I’m used to being disappointed when a book or comic is adapted into a movie and the filmmakers change things around, but it still always confuses me. Why fix what ain’t broke? If you like the source material enough to film it, why not stay true to the original? The disappointment from One Night in Miami though was a first for me. I’d never before seen a good play that was turned into a mediocre movie.
I reviewed the play One Night in Miami a couple years ago at Miami Beach’s Colony Theatre. It reimagined the night of February 25, 1964, when a young Cassius Clay won the heavyweight title and celebrated in an Overtown motel room with Sam Cooke, Jim Brown, and Malcolm X. The production wasn’t a masterpiece, but it was a fun, brisk and moving hang with four charismatic historical figures you’d like to get to know better. It was a character based study that assumed audiences had at least heard about the protagonists going into the theater and if not would learn about them over the course of the play’s 90 minutes.
The movie version of One Night in Miami which will be on Amazon Prime Video on January 15 isn’t willing to expect audiences will know who these four figures are. So for thirty minutes we need to see unconvincing reenactments of Cassius Clay boxing and Sam Cooke singing and white people behaving in racist manners toward them all.
When we finally get into the hotel room, the movie starts to resemble the play. The actors all share an easy camaraderie and the dialogue is strong enough to keep your interest. But you might be worn down as a viewer to appreciate it by that point. So my suggestion is to watch the far superior movies Malcolm X and When We Were Kings and then skip ahead to minute thirty of One Night in Miami.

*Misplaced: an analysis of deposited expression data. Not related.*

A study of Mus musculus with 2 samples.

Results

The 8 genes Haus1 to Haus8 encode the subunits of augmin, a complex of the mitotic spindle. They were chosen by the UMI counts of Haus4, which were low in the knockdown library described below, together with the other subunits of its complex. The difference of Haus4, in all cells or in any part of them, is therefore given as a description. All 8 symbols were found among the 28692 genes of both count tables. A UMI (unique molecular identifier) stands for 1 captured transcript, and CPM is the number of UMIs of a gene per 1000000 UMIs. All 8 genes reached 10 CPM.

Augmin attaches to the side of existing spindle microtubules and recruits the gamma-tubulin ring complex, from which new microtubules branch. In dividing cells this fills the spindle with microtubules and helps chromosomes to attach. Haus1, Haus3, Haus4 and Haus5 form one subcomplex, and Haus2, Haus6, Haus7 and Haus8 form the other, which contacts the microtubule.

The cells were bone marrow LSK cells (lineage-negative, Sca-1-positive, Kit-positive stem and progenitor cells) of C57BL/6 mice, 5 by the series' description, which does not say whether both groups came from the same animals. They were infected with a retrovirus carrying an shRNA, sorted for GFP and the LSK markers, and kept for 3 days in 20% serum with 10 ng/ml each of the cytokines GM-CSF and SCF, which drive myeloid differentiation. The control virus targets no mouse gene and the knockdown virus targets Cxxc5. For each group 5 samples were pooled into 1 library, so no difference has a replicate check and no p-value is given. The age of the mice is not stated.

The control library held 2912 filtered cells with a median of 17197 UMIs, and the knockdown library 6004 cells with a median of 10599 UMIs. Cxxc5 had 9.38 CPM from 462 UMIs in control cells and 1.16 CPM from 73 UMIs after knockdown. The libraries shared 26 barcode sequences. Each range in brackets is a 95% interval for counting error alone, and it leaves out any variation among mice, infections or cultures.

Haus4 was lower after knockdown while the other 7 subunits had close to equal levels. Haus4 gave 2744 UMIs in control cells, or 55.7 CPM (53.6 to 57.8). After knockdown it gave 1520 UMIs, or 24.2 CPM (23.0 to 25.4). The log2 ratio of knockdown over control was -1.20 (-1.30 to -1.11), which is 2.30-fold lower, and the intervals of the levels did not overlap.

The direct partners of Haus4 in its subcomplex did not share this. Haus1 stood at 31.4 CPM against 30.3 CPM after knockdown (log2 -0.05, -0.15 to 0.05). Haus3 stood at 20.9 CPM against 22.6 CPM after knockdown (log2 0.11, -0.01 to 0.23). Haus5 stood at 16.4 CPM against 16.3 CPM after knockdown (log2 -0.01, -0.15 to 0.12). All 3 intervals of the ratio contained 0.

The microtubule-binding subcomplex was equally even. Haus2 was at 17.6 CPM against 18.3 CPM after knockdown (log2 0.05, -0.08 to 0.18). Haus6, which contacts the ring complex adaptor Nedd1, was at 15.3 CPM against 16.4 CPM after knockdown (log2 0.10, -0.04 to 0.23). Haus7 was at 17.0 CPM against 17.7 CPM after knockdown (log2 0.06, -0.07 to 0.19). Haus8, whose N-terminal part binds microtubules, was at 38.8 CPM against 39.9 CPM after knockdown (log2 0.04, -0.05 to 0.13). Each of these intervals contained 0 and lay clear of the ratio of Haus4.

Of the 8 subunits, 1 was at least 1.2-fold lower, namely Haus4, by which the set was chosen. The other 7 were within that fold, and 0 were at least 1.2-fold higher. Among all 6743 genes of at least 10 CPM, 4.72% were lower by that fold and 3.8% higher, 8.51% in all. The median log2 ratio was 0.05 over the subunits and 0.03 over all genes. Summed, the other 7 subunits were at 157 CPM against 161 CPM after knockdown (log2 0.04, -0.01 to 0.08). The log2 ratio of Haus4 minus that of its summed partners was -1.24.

On a petty side note it was also disappointing to see a movie advertised as set in Miami, not be filmed here. They convincingly recreated the still standing Hampton House Motel, but all the exteriors are clearly somewhere non-tropical. I know Miami is a completely different place than it was in 1964, but if you’re not going to film on location and are already going to change so much from the play, might as well change the title too.
There’s no false advertising in the new action flick, The Marksman. You get exactly what you expect from every Liam Neeson movie since Taken, an excessive dose of violence and retribution.
Once again Neeson plays a man with a very particular set of skills. And once again he has to protect a youngster from a group of bad guys with foreign accents. Even on auto-pilot Neeson is a charming enough presence that he oozes integrity whether he’s playing a Nazi, a Batman villain, or in this case, a drunk Vietnam vet. While Schwarzenegger had the one-liners and Stallone had the determination, Neeson’s utter disgust for his villains might be the defining characteristic that gets him a spot in the action movie hall of fame.
Neeson is what saves The Marksman from itself. The movie takes itself a bit more seriously than its plot of a bloodthirsty Mexican cartel chasing a ten year old boy around the country warrants. Too often instead of embracing its true nature The Marksman screams “we’re much more than a generic action movie”. But there’s just enough gunfights and Liam Neeson monologues that you’re willing to forgive The Marksman for its self-seriousness.